America's gender wage gap is still a huge problem and even an international embarrassment. It's no wonder the topic has been coming up so much lately. But now, some especially startling data is rising to the surface about just how early the discrepancy begins.

America’s gender wage gap is still a huge problem and even an international embarrassment. It’s no wonder the topic has been coming up so much lately. But now, some especially startling data is rising to the surface about just how early the discrepancy begins.

boy mowing lawn

(Photo Credit: woodleywonderworks/Flickr)

Here are some alarming facts about the gender wage gap and children.


Sixty-seven percent of boys report getting an allowance from their parents compared with only 59 percent of girls.

2. And, girls do more chores than boys.

A study done by the University of Michigan found that girls, on average, do two more hours of housework a week than boys. They also found that boys spend nearly twice as much time playing.

3. Boys are more optimistic about their financial futures.

A survey conducted by Junior Achievement USA and The Allstate Foundation found that 35 percent of teen girls think they’ll make more than $35,000 at their first job, compared with 43 percent of boys.

4. Teenage girls plan to seek scholarships/grants more than boys when attending college.

Perhaps these young ladies are just being more forward thinking, or better financial planners, than their male counterparts. But, no matter how you cut it, 79 percent of teen girls, compared with 66 percent of teen boys, plan to seek scholarships and grants to help pay for college.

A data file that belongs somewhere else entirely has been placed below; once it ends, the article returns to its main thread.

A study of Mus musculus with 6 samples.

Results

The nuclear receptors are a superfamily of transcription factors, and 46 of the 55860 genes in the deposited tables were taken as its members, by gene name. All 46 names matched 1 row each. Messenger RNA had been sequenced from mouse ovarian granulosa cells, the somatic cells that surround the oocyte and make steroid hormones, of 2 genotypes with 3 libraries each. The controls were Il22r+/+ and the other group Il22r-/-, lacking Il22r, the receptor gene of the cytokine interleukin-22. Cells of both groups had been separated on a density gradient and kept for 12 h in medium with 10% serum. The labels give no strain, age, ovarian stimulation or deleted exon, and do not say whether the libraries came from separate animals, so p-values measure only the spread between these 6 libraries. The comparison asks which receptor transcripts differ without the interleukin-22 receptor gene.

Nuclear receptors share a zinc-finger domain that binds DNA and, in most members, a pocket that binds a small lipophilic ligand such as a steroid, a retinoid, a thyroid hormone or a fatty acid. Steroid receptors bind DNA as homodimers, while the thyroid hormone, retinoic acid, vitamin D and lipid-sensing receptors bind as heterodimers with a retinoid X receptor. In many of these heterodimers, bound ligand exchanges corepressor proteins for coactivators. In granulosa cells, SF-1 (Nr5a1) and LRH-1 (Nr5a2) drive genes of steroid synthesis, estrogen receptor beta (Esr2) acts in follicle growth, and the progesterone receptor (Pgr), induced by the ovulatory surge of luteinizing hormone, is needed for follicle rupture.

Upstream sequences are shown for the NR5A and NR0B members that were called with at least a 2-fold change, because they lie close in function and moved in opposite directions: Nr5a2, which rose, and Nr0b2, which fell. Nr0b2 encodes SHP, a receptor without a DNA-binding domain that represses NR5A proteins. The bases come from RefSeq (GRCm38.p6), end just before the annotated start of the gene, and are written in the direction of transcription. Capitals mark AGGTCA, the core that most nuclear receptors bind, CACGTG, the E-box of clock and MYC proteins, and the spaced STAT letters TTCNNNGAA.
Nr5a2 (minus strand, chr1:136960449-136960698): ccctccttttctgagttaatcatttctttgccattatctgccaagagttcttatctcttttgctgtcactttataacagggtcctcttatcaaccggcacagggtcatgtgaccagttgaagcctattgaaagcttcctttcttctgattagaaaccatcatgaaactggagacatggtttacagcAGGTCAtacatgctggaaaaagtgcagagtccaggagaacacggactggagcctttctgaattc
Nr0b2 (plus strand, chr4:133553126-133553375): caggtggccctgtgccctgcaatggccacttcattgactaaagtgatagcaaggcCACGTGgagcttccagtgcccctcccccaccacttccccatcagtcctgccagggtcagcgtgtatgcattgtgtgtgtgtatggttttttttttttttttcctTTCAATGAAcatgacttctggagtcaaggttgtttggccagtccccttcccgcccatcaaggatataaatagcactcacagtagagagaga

5. Concerns around saving money impact the decisions girls make about college more than boys.

According to the same study, 66 percent of teenage girls report that the rising costs of college have changed their future plans, versus 57 percent of teenage boys. Forty percent of girls say they are thinking about remaining in-state to save money on tuition costs, while only 30 percent of boys report the same.

These items speak for themselves in many ways, but one thing is clear and worth noting: workplace/career inequality issues are taking root a lot earlier than many of us suspected. Building awareness of these facts is likely the first step toward improving things. The biases we hold as individuals and a society about gender have a real and lasting impact, and it’s not going to change until we do.

Perhaps the gender chore gap reminds us that it’s not just employers that are responsible for the workplace inequalities we find so disturbing. Maybe we, as a society, have to take a good hard look at ourselves, our households, and even our children’s allowances and choices, in order to change the messages about gender that continue to be reinforced.